In a week during which DC has had to quash more rumours about its stuttering cinematic universe, up steps the definitive Dark Knight in the form of Will Arnett’s egotistical, narcissist Batman, to not necessarily be the hero we wanted, but the one we needed, and boy doesn’t he know it.
Having swung in on his grappling hook to completely steal 2014’s Lego Movie, Robot Chicken alumni, Chris McKay is given the building blocks upon which to direct Batman’s own little big adventure. In doing so, The Lego Batman Movie doesn’t stray too far from formula when it comes to the shenanigans of Bruce Wayne’s alter ego. He saves Gotham from The Joker (Zach Galifianakis), and his fiendish ticking time bomb plot, soaks up the adulation, visits an orphanage to fire Batman merchandise out of a canon, and then returns home to the vacuous loneliness of Wayne Manor and his trusted butler, Alfred (Ralph Fiennes).
What follows is a series of existential crises, as Batman grapples with never having had a family, his parent’s tragic demise condensed to a hilarious photo in which they’re stood next to a street marked ‘Crime Alley’. The Joker questions his own purpose, needing Bats to validate his position as number one nemesis. Then there’s young Dick Grayson (Michael Cera), who’s involuntary adopted by Bruce Wayne, eager for the father figure he’s never had.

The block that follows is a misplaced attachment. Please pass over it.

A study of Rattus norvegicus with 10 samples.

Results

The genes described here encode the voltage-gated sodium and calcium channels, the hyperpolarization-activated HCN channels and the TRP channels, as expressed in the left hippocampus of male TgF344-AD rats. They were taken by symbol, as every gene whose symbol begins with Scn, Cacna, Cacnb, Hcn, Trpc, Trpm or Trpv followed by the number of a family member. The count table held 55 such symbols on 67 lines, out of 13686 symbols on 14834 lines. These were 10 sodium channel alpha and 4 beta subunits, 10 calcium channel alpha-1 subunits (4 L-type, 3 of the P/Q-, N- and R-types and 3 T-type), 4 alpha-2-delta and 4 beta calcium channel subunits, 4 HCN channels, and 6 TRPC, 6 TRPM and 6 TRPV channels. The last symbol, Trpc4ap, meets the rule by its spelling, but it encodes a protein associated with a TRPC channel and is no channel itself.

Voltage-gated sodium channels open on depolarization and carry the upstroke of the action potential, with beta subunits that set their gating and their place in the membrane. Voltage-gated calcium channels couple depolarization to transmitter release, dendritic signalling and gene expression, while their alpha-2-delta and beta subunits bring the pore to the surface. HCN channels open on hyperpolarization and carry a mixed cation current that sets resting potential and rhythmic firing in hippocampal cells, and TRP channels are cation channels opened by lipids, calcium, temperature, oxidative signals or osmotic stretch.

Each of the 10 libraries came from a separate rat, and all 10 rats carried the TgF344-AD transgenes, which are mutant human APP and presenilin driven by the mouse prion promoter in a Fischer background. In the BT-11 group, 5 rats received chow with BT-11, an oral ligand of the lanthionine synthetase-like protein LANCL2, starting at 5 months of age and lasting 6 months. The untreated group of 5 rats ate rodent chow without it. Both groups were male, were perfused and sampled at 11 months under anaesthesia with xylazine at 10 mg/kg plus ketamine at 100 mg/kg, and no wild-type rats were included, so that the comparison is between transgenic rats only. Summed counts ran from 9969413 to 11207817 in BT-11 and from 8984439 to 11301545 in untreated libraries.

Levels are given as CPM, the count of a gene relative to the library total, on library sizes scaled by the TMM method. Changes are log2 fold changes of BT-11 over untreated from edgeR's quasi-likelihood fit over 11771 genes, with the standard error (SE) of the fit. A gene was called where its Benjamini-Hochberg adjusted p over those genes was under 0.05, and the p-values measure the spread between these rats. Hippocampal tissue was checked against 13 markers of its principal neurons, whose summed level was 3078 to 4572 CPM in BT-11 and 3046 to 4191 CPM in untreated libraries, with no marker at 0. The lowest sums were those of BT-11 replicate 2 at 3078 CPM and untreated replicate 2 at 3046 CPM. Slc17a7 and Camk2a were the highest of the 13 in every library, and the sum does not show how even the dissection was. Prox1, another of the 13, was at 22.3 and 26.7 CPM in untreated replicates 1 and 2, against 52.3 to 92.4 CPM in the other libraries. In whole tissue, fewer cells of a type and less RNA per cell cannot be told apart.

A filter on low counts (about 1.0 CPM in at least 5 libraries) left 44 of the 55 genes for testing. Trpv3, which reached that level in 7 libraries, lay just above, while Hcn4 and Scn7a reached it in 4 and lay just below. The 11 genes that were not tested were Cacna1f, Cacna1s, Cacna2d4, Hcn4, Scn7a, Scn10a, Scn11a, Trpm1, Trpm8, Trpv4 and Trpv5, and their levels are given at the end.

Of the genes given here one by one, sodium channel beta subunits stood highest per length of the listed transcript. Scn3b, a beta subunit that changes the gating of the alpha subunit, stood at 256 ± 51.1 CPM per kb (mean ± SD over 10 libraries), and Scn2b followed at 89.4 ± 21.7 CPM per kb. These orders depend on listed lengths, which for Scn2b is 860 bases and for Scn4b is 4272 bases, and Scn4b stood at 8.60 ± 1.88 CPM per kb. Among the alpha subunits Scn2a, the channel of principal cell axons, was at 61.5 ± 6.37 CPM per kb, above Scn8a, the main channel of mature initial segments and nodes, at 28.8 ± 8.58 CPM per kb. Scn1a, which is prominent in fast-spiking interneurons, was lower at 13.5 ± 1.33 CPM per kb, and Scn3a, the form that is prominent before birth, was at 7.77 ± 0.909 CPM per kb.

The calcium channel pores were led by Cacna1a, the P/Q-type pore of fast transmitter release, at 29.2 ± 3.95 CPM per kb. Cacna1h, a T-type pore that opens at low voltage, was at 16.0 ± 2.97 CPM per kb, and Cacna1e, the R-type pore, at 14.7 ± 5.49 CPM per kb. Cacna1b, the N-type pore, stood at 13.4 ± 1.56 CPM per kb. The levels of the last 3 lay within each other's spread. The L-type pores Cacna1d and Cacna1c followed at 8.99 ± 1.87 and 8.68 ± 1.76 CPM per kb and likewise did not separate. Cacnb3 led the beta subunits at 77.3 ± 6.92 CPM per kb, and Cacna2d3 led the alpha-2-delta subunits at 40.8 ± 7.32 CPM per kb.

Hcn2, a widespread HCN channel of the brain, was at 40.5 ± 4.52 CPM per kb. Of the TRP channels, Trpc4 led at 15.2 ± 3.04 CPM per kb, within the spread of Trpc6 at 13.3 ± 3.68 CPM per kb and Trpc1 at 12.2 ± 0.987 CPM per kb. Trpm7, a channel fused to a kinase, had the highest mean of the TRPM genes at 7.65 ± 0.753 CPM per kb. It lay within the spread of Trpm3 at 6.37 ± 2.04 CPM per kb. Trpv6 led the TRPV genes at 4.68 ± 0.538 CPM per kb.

It’s the kind of depth that the ‘Synderverse’ has struggled to deal with, but Lego Batman gets it. It just gets it, y’know? It acknowledges every iteration of the Batman, from the KAPOW days of the 1950’s, to 2016’s much maligned Martha mash-up, but it does so with a reverence which is often lacking from its live-action counterparts. Heck, the script even understands that Superman (Channing Tatum) is an overtly positive hero.
However, we don’t come to a Lego Batman movie for ‘Nolanverse’ darkness, we come for the laughs, and whilst the film can sometimes be too chaotic, both visually and in terms of the scattershot approach to joke-telling, it’s better than almost every comedy from the past twelve months.
There are so many geekgasmic moments littered throughout. References to the cinematic canon are plentiful, with an exchange between The Joker and a pilot flying the wonderfully named Macguffin Airlines plane, seeing the potential hostage state that he’ll be saved by Batman because “What about that time with the two boats, or the parade with the Prince music?” Or Batman’s threat to turn “two-face into black-and-blue face” during his opening rap. There’s also a playful dig at Marvel with Bat’s choice of password, the hilarious Justice League 57th Anniversary party, any number of pop-culture cameos from all of our childhoods, and the very, very, very funny Bane.
The voice work is great, with Arnett cementing his place as the best big-screen Batman. Maybe this is why Ben Affleck abandoned directorial duties on the forthcoming solo outing? He had this to live up to. Joking aside, Arnett has mastered this kind of unaware idiot shtick since Arrested Development, and his grizzled reading of the lines is at least 50% of why Lego Batman works as a character. He’s also reunited with an against type Michael Cera, who’s hyperactively wonderful as Robin. Honourable mentions to Rosario Dawson as Barbara Gordon, Jemaine Clement, as a character we’d rather not spoil the identity of, and Ralph Fiennes, once again flexing his comedic chops with dual roles.
Images: Warner Bros.
Not as well crafted as The Lego Movie, at times it feels like the box has been shaken a little too hard and a little too fast. However, this is exhaustingly entertaining, incredibly geeky, and a welcome antidote to the po-faced live action superhero movies of late.